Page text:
Neurons Signal Stem Cells to Make New Neurons

Neurons Signal Stem Cells to Make New Neurons

In the adult subependymal neurogenic niche, electrical signals generated by the ChAT+ neuron give rise to newborn migrating neuroblasts. [Duke University/O'Reilly Science Art]

  • Although neuroscientists have long suspected that the brain has some capacity to generate new neurons, they have struggled to uncover details of the brain’s capacity for repair and, possibly, self-improvement. Neuroscientists surmised that new neurons emerge when stem cells activate certain internal processes in response to environmental cues. But neuroscientists were still unsure what the nature of these cues might be. Now, as a result of a study from Duke, it has been found that neural stem cells respond to signals emitted by adult neurons.

    In effect, the stem cells respond to requests by adult neurons for additional neurons. The adult neurons, report the Duke researchers, constitute a previously unidentified population of choline acetyltransferase (ChAT)+ neurons. Because the neurons reside in the mouse subventricular (SVZ) neurogenic niche, prime real estate around the lateral ventricles, the researchers speculate that it may serve as a kind of factory, fulfilling orders needed to help the learning brain keep up with new tasks.

    In the Duke study, which was summarized June 1 in Nature Neuroscience (“Identification of distinct ChAT+ neurons and activity-dependent control of postnatal SVZ neurogenesis”), newly produced neurons were destined for the olfactory bulb, which occupies a fairly large portion of the mouse brain, accounting for the mouse’s ability to process the sense of smell. New neurons in the olfactory bulb could help support the learning of new scents.

    In humans, who have a much less impressive olfactory bulb, it’s possible that new neurons are produced for other brain regions. One such region may be the striatum, which mediates motor and cognitive controls between the cortex and the complex basal ganglia.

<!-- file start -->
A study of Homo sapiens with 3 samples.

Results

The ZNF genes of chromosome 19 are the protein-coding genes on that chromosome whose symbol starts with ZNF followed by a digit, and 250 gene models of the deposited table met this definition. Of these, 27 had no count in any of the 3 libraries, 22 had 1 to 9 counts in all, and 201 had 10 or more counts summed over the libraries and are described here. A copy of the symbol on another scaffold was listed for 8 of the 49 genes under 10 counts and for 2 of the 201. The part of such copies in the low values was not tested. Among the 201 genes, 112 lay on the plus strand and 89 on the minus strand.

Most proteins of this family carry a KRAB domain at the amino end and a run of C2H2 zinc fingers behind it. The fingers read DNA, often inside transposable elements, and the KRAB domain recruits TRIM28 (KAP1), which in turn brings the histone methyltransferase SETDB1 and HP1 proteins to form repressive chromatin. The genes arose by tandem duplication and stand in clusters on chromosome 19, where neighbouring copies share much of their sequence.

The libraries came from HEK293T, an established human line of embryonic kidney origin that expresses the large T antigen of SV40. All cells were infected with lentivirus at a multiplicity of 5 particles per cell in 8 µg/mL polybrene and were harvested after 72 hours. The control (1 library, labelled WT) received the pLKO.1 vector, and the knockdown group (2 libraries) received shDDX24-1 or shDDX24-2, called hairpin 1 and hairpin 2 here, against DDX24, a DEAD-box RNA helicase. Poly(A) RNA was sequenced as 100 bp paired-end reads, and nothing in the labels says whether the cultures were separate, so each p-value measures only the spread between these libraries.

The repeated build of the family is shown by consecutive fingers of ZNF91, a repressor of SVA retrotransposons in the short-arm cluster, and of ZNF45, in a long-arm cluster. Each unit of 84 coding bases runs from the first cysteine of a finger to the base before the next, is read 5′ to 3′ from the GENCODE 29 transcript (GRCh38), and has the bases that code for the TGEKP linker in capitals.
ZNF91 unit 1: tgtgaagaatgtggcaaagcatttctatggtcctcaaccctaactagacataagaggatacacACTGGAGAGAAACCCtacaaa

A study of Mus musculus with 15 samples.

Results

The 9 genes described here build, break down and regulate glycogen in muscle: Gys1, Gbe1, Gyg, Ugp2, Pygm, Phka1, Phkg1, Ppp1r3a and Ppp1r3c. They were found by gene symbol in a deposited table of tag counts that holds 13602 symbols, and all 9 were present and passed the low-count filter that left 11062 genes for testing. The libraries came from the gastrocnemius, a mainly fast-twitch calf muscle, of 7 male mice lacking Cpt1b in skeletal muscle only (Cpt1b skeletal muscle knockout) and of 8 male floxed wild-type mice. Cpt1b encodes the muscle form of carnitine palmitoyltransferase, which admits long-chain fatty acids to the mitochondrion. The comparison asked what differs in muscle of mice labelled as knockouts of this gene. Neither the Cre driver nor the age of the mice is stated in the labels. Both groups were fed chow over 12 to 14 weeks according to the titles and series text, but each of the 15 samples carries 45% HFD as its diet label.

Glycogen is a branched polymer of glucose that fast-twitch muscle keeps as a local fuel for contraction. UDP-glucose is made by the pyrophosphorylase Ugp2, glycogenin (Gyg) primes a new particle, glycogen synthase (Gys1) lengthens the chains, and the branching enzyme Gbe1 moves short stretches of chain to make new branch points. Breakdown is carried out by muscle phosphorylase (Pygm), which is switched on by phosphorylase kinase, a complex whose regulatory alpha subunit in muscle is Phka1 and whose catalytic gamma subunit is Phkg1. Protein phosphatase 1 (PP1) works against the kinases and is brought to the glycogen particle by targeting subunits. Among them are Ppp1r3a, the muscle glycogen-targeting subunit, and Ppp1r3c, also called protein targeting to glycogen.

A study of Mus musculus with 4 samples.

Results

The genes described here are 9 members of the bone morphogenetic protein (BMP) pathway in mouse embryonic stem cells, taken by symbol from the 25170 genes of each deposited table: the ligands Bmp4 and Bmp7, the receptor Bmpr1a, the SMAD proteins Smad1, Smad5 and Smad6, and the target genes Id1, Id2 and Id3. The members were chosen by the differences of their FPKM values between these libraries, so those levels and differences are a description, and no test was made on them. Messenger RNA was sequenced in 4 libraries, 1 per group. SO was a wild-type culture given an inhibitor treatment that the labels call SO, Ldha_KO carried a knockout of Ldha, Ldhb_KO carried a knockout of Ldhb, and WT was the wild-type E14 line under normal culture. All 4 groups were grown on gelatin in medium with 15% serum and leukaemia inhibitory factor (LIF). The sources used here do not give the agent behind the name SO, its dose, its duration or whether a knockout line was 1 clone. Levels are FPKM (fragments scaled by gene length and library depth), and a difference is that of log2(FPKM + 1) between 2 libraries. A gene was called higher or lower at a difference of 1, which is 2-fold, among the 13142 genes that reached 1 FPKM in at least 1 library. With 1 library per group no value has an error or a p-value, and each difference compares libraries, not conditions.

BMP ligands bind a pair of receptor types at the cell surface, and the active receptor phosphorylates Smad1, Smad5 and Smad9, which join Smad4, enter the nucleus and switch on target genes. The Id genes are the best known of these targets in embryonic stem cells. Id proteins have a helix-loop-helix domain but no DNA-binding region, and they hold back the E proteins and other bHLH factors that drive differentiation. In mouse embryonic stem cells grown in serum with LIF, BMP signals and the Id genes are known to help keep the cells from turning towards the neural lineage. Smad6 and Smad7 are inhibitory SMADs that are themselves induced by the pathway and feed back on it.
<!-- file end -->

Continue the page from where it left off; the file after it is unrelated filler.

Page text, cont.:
The emergence of neuroregenerative mechanisms have the researchers hopeful that it may be possible to engage certain circuits of the brain to lead to a “hardware upgrade.” The study’s lead author, Chay Kuo, M.D., Ph.D., remarked, “Wouldn't it be nice if you could upgrade the brain hardware to keep up with the new software?” He added perhaps there will be a way to combine behavioral therapy and stem cell treatments after a brain injury to rebuild some of the damage.

    To return to the details of the study, it should be noted that the researchers established that varying the firing frequency of ChAT+ neurons, via optogenetic inhibition and stimulation, was “necessary and sufficient” to control the production of new neurons from the SVZ niche. “These neurons showed morphological and functional differences from neighboring striatal counterparts and released acetylcholine locally in an activity-dependent fashion," wrote the authors. "Furthermore, whole-cell recordings and biochemical experiments revealed direct SVZ NSC responses to local acetylcholine release, synergizing with fibroblast growth factor receptor activation to increase neuroblast production.”

    The questions ahead are both upstream from the new ChAT+ neurons and downstream, Dr. Kuo said. Upstream, what brain signals tell ChAT+ neurons to start asking the stem cells for more young neurons? Downstream, what's the logic governing the response of the stem cells to different frequencies of ChAT+ electrical activity?
     
    There's also the issue of somehow being able to introduce new components into an existing neuronal circuit, a practice that parts of the brain might normally resist. "I think that some neural circuits welcome new members, and some don't," Dr. Kuo mused.